Criminalisation of Golden Dawn: Far-Right in Europe

Color's Riot

Once a formidable force in Greek politics, Golden Dawn, a far-right, neo-Nazi group that acted as a political party, has been branded a criminal organisation. Leaders of Golden Dawn have been sentenced to 13 years in prison in a trial that lasted over five years and featured 68 defendants. Evidence presented at Golden Dawn’s trial revealed that the party planned violent actions, including paramilitary-style attacks, and was fond of chanting Nazi slogans.

At its height, Golden Dawn was a prominent voice for Greeks who were disillusioned with the political system. The party’s downfall marks the end of a decade of increased support for its nationalist and exclusionist agenda in a time of deep economic pain.

The History of Golden Dawn

Golden Dawn was founded in 1980 shortly after the demise of Greece’s right-wing military junta in 1974. It was recognised as a political party in 1993, but it was the 2008 financial crisis that led to its growth as a political actor. In 2012, Golden Dawn secured 18 MPs in the Greek legislature, before losing all of its seats in the 2019 general election. 

At the peak of its popularity, Golden Dawn provided basic social services for ethnic Greeks in a time of economic despair. The party was a vessel for Greeks who wanted to reclaim their country from external actors such as the EU and Germany. Most notably, Golden Dawn’s vision of Greece did not include the foreign-born, and party members frequently engaged in violent attacks against immigrants. The most prominent attack by Golden Dawn members was the killing of an anti-fascist musician in 2013, which led to the criminal inquiry decided this month.

While Greece has a unique history of political violence and low-level bombing and assassination campaigns, the most potent extremist groups have been left-wing anarchist organisations. Many of the anarchist groups are anti-capitalist and have targeted the Greek state, as well as the EU, NATO, and symbols of Western, imperialist interests. In contrast, Golden Dawn’s core concern was not the imperialism of the U.S. or the EU, but rather the ethnic makeup of Europe.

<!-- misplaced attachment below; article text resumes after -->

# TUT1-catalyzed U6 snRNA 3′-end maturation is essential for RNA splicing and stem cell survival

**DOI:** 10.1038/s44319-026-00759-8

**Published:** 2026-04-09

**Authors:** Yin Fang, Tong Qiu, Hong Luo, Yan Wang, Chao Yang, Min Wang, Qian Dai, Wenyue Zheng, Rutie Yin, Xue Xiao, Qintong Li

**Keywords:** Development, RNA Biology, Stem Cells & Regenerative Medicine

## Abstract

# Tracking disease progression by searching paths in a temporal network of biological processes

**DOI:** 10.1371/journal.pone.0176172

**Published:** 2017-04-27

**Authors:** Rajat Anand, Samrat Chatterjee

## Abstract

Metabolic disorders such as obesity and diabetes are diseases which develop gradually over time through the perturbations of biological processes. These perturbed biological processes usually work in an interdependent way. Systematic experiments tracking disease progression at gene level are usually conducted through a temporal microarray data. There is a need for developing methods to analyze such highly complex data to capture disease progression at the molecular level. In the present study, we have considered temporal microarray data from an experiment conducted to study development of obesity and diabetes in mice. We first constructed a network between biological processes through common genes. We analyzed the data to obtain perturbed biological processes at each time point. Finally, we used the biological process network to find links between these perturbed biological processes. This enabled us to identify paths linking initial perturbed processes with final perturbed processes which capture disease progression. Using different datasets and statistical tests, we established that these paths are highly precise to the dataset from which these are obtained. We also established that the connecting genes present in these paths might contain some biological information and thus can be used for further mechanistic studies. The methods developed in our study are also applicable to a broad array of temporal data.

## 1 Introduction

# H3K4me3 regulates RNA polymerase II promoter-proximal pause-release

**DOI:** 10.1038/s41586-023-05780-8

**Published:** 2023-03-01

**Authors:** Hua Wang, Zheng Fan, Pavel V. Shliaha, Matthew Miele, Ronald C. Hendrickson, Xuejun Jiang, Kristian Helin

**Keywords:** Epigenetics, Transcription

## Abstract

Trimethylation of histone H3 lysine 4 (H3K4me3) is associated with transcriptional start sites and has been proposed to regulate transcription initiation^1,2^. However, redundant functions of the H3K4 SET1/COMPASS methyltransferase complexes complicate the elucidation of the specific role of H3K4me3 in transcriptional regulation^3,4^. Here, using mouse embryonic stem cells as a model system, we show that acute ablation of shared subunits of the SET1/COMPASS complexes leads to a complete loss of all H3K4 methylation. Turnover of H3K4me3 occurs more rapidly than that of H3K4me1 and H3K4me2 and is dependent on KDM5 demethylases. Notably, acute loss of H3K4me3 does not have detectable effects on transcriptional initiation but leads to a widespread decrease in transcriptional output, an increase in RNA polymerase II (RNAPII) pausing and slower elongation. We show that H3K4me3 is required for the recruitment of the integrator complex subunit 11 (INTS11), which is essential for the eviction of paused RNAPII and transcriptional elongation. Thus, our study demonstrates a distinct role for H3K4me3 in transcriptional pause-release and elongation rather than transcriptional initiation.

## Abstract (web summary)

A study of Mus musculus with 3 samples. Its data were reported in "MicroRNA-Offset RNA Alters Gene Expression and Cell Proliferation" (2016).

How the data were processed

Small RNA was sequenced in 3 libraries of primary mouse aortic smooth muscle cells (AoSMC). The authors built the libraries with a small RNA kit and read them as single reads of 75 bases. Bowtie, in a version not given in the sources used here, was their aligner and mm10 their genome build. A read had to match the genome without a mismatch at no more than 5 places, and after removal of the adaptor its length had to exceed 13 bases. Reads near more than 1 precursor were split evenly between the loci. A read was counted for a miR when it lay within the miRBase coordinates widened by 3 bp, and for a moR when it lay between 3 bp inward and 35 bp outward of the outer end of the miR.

Golden Dawn and Its Ideological Ally

Around the same time, Golden Dawn experienced a brief resurgence in support, its closest ideological ally in Europe was the Jobbik party in Hungary. Jobbik is also an ethnic nationalist party with strong neo-Nazi and anti-Semitic beliefs. Many of Jobbik’s platforms, including its demographic and racial concerns, were adopted by the Fidesz Party of Viktor Orban, which leads Hungary to this day. The Fidesz Party is openly anti-immigrant and in favour of a White, Christian Europe that preserves Europe’s “ethnic homogeneity.” 

Jobbik now competes with Fidesz in local elections, but it has found a powerful ally in Viktor Orban. Orban has adopted Jobbik’s rhetoric of victimhood, assault, and submission to outside powers and groups, such as the EU, Islam, and multiculturalism. Fidesz does not attack migrants in the streets but uses its power to legislate for emergency immigration measures in parliament. Golden Dawn, Jobbik, and other far-right groups may be off the streets, but elements of their ideologies are deeply interwoven within existing national conservative parties. Both Golden Dawn and Jobbik are close to disbandment as they struggle to retain support, but their legacies remain intact and influential. Their most profound legacy is likely the replacement of more militant aims with a pragmatic and institutionalist approach that can be co-opted by the centre.

COVID-19 and Decreased Far-Right Support

COVID-19 has presented challenges for other far-right groups across Europe. As a result of COVID-19, support for Germany’s largest far-right group, the AfD, has fallen from 15% to 9%. In Italy, the League, which was briefly a coalition government partner in 2018, has seen its support drop 11 percentage points from summer 2019. As a new wave of COVID-19 is spreading across Europe, far-right groups are on the decline, either through legal means or by their own principles. Many of these parties have been against strict lockdowns and have also described the pandemic as a “hoax” while dismissing the role of science and expertise. A new far-right group in Greece called Greek Solution is under investigation for producing TV ads describing magical remedies from COVID-19. 

Europe may have passed its peak populist moment, but the circumstances are ripe for the return of far-right and far-left groups in the future. Greece’s unemployment rate is still high at around 16% and the economic recovery from COVID-19 risks exacerbating pre-existing divisions between northern and southern Europe. Italy, Greece, and Spain have high levels of public debt, and creditor states like Germany often favour harsh austerity measures that are deeply unpopular. 

As the pandemic continues, people will be out of work for some time and will likely search for a manifestation of their grievances.  With Germany, the EU, and immigrants likely to be the scapegoats once again, the fringes of the political spectrum may be a viable vessel. The criminalisation of Golden Dawn likely sends a powerful message of deterrence while acting in favour of the rule of law. However, the volatility of COVID-19 and renewed economic uncertainty and inequity may provide the incentive for opposing parties to plant their flags.